In a recent speech outlining Britain’s anti-extremism strategy entitled A Stronger Britain, Built On Our Values, the home secretary, Theresa May, identified five “British values” that “are the means by which we have made our multi-racial, multi-cultural and multi-religious society succeed”.

It is telling that nowhere in the speech did she acknowledge that Britain is, always has been and is likely to remain a multilingual society.

May returned to a well-rehearsed trope for politicians from across the political spectrum that to be British is to speak English. She now joins former Labour home secretary David Blunkett – who famously equated not speaking English at home with “the schizophrenia which bedevils generational relationships” – in putting language at the centre of the debate about the role of language in modern Britain.


In the last couple of years public services in the UK have been under an increasing pressure to review their procedures for language support they offer to speakers of other languages. A few organisations have limited their use of translators and interpreters and some organisations have even gone as far as translating their website with machine translation tools. This year Google has also launched its electronic image translator on mobile phones. Does it work or does it present more risks than advantages to both public sector and commercial companies who endeavour to use it in their work? Is there still a market for professional language services?



How times change... I remember this article in the Daily Telegraph in February 2013 when a company was fined and convicted of breaching health and safety laws by using Google Translate. In February 2015 I see a tweet that a Google translated text was handed as evidence to a judge.


Tweet Google translate



Daily Telegraph 16.02.2013


The Iranian sports ministry has been accused of favoring men in athletic competitions. With the power of social media and translators who specialize in professional Persian translation women from Iran can voice their complaints for a global audience. Athletes do not have to be fluent in English to communicate their views with fans around the world. For instance, Iranian authorities have refused to acknowledge the accomplishment of Elham Asghari because they considered her swimsuit “too revealing”. She made a statement about her difficulty in obtaining permission to swim in the Caspian Sea. Her remarks have been translated from Farsi and posted on news articles online. Professionals in the field of Persian translation services have been influential in spreading her words to non-Farsi speakers outside of Iran.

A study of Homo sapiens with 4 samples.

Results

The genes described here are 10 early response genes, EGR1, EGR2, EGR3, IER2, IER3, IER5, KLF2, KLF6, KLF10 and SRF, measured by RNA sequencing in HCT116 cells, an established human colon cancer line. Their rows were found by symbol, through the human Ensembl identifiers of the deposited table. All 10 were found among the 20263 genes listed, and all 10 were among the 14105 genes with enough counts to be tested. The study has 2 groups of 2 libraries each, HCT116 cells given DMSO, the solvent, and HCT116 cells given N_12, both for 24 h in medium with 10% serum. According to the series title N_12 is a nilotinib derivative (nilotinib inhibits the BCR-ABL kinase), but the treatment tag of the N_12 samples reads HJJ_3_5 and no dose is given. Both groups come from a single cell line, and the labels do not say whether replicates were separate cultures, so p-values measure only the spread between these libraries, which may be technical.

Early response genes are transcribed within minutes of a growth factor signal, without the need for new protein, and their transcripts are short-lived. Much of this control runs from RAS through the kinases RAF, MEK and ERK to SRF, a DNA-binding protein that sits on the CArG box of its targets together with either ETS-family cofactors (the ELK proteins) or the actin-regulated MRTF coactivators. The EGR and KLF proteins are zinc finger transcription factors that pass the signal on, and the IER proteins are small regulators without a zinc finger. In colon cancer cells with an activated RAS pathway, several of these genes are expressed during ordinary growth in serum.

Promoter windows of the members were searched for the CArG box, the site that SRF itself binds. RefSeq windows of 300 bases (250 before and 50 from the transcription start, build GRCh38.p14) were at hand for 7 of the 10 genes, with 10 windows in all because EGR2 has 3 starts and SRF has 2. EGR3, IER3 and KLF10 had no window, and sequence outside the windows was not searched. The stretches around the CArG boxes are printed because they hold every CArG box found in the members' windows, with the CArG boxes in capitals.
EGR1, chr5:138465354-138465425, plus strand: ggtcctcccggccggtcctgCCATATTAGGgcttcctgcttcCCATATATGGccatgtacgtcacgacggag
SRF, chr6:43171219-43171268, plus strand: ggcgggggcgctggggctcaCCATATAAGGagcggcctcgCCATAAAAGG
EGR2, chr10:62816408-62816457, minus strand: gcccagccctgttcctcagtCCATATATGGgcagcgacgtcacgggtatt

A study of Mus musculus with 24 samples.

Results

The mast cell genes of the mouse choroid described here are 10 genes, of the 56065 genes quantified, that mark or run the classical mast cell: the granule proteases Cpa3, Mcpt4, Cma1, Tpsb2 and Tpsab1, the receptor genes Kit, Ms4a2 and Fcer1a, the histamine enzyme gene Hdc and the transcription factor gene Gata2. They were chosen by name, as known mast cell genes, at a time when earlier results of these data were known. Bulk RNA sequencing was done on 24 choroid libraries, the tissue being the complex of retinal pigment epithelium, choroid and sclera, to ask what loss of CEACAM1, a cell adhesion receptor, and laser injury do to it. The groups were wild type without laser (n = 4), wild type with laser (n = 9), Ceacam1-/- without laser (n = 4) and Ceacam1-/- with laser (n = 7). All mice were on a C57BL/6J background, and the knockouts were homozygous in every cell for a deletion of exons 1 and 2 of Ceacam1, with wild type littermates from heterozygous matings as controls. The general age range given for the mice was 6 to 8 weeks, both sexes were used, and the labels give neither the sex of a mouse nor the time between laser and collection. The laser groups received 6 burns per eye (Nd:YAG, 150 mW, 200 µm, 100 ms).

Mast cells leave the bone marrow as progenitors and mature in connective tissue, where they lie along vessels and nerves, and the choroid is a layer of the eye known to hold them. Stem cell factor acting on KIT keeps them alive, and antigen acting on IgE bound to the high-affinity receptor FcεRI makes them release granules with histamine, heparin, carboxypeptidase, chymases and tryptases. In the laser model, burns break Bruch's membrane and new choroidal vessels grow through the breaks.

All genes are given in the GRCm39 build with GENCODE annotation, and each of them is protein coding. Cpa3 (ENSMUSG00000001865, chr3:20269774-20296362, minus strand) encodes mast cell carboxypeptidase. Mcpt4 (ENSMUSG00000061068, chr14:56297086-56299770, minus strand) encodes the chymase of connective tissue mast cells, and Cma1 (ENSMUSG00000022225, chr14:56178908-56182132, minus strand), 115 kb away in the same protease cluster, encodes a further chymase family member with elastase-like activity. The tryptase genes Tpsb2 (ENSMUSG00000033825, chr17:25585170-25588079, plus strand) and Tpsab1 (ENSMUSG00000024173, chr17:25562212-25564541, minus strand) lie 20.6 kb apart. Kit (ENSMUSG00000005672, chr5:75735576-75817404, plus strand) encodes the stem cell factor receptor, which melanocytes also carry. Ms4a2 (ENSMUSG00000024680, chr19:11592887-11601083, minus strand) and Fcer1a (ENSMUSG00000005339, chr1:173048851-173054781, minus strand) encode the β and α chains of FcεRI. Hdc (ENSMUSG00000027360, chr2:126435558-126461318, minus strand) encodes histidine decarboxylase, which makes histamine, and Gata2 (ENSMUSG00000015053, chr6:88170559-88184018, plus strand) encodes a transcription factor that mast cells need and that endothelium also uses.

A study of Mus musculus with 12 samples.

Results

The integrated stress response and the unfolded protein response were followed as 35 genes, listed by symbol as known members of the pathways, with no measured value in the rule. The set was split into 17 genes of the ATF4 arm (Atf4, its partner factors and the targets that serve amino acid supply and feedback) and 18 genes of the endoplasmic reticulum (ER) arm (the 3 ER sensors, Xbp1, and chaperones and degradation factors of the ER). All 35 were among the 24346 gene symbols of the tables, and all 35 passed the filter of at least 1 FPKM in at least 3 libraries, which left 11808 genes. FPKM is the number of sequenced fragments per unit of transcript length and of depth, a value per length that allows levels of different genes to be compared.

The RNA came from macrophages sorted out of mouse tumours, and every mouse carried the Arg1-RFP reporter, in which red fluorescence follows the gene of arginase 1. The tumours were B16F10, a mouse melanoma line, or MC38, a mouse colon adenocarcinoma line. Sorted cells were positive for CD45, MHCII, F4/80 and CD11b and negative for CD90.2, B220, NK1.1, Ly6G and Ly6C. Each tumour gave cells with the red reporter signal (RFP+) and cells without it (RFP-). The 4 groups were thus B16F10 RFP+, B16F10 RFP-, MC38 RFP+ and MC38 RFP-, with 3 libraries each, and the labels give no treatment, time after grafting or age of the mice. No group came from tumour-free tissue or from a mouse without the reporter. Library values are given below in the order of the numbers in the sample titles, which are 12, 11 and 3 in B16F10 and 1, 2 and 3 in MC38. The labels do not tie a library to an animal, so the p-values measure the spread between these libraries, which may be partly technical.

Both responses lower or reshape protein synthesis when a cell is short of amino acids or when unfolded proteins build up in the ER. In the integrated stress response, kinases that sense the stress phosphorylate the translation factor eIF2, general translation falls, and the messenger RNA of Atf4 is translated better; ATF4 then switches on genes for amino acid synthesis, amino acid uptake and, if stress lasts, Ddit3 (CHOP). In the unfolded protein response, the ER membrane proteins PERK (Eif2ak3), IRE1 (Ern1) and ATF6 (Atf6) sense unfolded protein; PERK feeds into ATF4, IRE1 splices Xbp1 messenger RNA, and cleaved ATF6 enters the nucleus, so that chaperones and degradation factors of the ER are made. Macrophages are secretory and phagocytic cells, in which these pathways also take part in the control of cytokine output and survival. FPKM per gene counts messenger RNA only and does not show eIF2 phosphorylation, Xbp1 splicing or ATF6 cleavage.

In a video she has thanked supporters who have praised her for breaking a record despite authorities’ decision. This piece was initially uploaded on Facebook in the original language and later subtitled in English and posted on Youtube. The video with translated subtitles has garnered thousands of viewers on social media websites. In another video she stated that individuals who are not capable of swimming 20 meters have disqualified her from her record breaking swim. Since her words have been translated by translators who offer professional Persian translation many people around the world have heard her voice and sent her encouraging messages. Asghari has waived off the criticism, pointing to seven witnesses who confirmed that her outfit followed the Islamic dress code and that she had swam in the absence of men observers. Her friend has also expressed her disappointment with the decision to letting Asghari’s record-setting swim go unrecorded.


If you go to see a doctor in France, Germany and Poland, nobody will provide you with an interpreter. I was talking to my sister about this the other day. 

She lives in Italy and says if you go to a doctor there and you speak the language, fine. If not, well too bad. You communicate with your hands. The situation in Britain regarding translators must be unique.


I have been a Polish translator in England since 2008. When I started it was really, really busy. I would have three cases a day. I was working day and night. I have less work now, but I think that’s mainly because there are so many more interpreters.

In some ways it is surprising that more Poles than any other nationals require interpreters here. Most Polish nationals – specially the younger generation – learn English at college. 


Some hospitals or GP surgeries use telephone interpreters but from my experience it doesn’t really work. Take NHS cases. Patients sometimes want you to be there when they are given local anaesthetic. I’m next to the patient and the doctor with the scalpel, so sometimes you see things that could make you faint.


For me the most exciting projects are crown courts. A year ago we did quite a big murder trial in Carlisle – it lasted for a month and a half, lots of defendants. We had all those reports, pathologists’ reports, so this was very demanding stuff.